Northern Ireland tense as officials hunt for smuggled bomb

Ireland unites in protest against violence as police begin crackdown on dissident groups.

DUBLIN, Ireland – A security alert has been issued today in the Northern Ireland town of Ballykinler, the site of a British Army base.

The Ballykinler base in County Down is one of several feared targets of dissident republicans intent on reigniting Northern Ireland's "Troubles" – a three-decade long conflict between Irish republicans and Britain. Despite widespread condemnation of the dissident activity, many fear the attacks are being stepped-up in order to destabilize Northern Irish society.

A joint operation now underway by the Police Service of Northern Ireland (PSNI) and the Garda Síochána, the Republic of Ireland's police, seeks to uncover a bomb believed to have been smuggled into Northern Ireland by a dissident republican group calling itself the Real Irish Republican Army (RIRA), which claimed responsibility for killing two British soldiers Saturday.

The bomb alert follows a report in London's Guardian newspaper that stated security forces are scouring the country after receiving intelligence reports that the RIRA has smuggled a large bomb into Northern Ireland from the Republic of Ireland.

Guardian correspondent Henry MacDonald says the alert has been at "red light level" since Monday. "The evidence is on the streets and roads – there are checkpoints in South Down and South Armagh."

Security has been tightened on the largely open and unpatrolled 224-mile border between the Republic of Ireland and Northern Ireland, according to media reports.

A PSNI spokesperson said that they do not discuss operational matters. The Garda Síochána also declined to comment.

The bomb scare comes as heads of Ireland's two police forces are set to meet in Belfast today to discuss the recent violence by dissidents. Police chiefs Hugh Orde and Fachtna Murphy will assess the security threat posed by the emboldened groups still opposed to the 1998 Good Friday Peace Accord.

Northern Ireland remains tense after a recent spate of shootings in which three people – two soldiers and a police officer – were killed. The soldiers were shot by the RIRA in Antrim on on March 7, the Monitor reported here. Two days later, we reported on the killing of a police officer by another breakaway group called the Continuity IRA. The two attacks are being treated as unrelated by the authorities. Mr. Orde said reports of a connection were "speculation."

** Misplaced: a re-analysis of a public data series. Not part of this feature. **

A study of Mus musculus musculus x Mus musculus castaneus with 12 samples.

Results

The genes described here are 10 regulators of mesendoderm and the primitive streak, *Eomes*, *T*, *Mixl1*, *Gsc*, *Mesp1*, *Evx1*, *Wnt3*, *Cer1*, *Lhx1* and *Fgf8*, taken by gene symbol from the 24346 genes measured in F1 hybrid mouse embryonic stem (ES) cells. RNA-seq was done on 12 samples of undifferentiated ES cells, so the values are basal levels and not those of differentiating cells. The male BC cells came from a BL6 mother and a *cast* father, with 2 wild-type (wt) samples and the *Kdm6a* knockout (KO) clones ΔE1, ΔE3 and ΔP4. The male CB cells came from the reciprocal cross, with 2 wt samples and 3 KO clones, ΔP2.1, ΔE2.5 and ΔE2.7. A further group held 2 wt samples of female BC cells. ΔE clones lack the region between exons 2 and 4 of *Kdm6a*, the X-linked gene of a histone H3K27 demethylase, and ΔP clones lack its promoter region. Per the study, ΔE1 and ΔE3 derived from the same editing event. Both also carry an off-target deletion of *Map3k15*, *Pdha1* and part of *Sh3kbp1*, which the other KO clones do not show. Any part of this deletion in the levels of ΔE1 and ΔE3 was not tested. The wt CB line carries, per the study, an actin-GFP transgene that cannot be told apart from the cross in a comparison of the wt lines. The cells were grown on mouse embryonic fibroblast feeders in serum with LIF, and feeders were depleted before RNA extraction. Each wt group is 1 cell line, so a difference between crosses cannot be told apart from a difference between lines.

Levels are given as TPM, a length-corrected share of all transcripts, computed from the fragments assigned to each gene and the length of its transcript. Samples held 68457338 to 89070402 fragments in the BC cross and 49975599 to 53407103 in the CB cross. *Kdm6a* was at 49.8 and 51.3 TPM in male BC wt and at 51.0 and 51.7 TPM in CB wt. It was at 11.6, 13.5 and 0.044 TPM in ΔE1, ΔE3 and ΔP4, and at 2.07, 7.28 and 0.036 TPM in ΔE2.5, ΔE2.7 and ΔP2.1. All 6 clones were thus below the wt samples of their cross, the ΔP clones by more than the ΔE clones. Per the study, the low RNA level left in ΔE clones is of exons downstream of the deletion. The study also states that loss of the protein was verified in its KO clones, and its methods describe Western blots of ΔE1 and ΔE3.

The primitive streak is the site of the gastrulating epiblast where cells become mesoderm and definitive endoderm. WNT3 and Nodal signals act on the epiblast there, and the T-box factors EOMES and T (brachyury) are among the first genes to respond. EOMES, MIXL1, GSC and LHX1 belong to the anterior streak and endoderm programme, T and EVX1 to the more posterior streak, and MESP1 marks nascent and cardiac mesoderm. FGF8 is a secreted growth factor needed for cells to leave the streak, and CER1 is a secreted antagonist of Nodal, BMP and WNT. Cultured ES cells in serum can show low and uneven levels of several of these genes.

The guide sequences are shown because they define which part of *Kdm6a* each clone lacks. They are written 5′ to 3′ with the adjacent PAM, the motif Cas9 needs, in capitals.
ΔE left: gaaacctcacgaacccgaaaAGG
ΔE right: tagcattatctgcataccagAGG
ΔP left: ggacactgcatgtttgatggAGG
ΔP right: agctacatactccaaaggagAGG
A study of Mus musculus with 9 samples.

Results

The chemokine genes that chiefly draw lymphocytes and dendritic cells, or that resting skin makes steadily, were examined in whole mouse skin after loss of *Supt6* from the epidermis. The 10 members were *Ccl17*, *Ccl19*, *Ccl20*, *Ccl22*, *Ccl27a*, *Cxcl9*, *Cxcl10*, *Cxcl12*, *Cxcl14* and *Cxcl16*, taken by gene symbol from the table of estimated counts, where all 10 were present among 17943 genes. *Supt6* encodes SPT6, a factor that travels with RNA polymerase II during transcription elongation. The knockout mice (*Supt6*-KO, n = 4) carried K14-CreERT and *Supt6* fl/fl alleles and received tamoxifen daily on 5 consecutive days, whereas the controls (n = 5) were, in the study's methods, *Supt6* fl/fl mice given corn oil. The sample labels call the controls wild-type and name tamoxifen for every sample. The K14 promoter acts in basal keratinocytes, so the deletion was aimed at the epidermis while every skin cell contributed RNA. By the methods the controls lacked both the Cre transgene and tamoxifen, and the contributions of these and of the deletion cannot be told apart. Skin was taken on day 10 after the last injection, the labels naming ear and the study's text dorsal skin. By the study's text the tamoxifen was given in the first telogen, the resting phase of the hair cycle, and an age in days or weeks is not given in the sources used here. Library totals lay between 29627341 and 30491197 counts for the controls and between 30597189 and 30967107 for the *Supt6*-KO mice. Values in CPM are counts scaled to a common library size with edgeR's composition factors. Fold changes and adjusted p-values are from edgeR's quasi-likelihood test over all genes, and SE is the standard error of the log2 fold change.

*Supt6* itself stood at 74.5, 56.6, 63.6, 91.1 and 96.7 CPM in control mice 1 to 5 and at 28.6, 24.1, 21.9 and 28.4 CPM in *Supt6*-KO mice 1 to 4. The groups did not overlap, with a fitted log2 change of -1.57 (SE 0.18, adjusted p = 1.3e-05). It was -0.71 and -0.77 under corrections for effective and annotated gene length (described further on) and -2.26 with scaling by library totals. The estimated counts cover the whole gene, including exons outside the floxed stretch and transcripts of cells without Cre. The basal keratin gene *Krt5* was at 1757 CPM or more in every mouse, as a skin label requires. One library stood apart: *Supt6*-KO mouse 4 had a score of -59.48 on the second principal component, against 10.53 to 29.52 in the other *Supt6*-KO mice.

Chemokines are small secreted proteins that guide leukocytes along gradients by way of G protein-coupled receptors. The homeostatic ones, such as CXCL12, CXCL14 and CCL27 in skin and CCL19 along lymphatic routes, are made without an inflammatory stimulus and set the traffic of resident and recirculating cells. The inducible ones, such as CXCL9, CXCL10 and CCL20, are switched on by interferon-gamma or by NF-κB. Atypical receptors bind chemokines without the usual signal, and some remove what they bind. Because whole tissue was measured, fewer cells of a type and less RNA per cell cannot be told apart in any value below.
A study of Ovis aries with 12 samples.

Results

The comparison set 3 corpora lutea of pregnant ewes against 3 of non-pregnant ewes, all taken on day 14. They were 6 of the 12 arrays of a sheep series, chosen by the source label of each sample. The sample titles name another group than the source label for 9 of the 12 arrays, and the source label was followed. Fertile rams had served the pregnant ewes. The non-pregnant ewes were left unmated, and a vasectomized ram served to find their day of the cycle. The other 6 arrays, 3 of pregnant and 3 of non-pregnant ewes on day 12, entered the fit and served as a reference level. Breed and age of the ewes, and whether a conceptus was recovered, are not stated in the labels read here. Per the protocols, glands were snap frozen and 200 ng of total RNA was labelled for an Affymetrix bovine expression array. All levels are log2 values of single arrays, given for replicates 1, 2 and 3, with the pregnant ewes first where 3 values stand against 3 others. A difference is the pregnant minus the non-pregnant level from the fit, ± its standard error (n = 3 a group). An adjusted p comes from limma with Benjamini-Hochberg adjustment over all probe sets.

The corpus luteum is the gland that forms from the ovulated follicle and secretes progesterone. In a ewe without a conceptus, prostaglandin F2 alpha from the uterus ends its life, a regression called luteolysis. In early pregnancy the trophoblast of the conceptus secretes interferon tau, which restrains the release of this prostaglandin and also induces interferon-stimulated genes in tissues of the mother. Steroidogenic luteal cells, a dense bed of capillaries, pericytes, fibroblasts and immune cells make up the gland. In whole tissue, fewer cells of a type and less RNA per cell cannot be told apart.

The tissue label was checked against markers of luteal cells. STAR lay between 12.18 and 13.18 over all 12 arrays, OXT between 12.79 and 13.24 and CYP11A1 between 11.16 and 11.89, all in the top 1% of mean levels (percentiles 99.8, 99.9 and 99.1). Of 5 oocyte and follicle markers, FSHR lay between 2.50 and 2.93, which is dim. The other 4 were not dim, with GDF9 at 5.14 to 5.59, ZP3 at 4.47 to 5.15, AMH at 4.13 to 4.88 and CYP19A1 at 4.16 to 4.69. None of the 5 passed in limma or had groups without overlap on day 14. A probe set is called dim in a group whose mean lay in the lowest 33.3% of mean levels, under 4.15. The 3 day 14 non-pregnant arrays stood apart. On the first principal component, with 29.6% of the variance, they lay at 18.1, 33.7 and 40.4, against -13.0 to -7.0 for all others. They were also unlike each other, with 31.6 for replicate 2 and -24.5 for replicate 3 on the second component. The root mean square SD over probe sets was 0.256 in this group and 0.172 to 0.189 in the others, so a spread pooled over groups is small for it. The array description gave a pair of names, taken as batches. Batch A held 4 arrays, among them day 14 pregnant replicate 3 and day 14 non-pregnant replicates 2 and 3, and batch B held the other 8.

Four people were also injured in the Antrim attack, including two pizza delivery men. Two men were arrested in connection with the shooting of Constable Carroll in Craigavon on Tuesday.

The surge in violence follows more than a decade of relative calm on the streets of Northern Ireland.

Police have denied there are plans to release security camera footage of the attacks on Massarene barracks in Antrim.

An interview with the family of murdered PSNI officer, Constable Stephen Paul Carroll, was carried out by local television on Wednesday evening and will be released to the media Thursday night. Constable Carroll will be buried tomorrow in his hometown of Banbridge in County Down.

The sudden outbreak of violence has been met with widespread revulsion across Northern Ireland's divided Roman Catholic and Protestant communities. Political leaders from all sides have condemned the attacks, including Sinn Féin, the party linked to the now disarmed Provisional IRA, the main republican player in Northern Ireland's 30-year "Troubles."

As the Monitor reported Thursday, more than 10,000 people gathered in Belfast Wednesday to hold a rally demanding an end to dissident violence.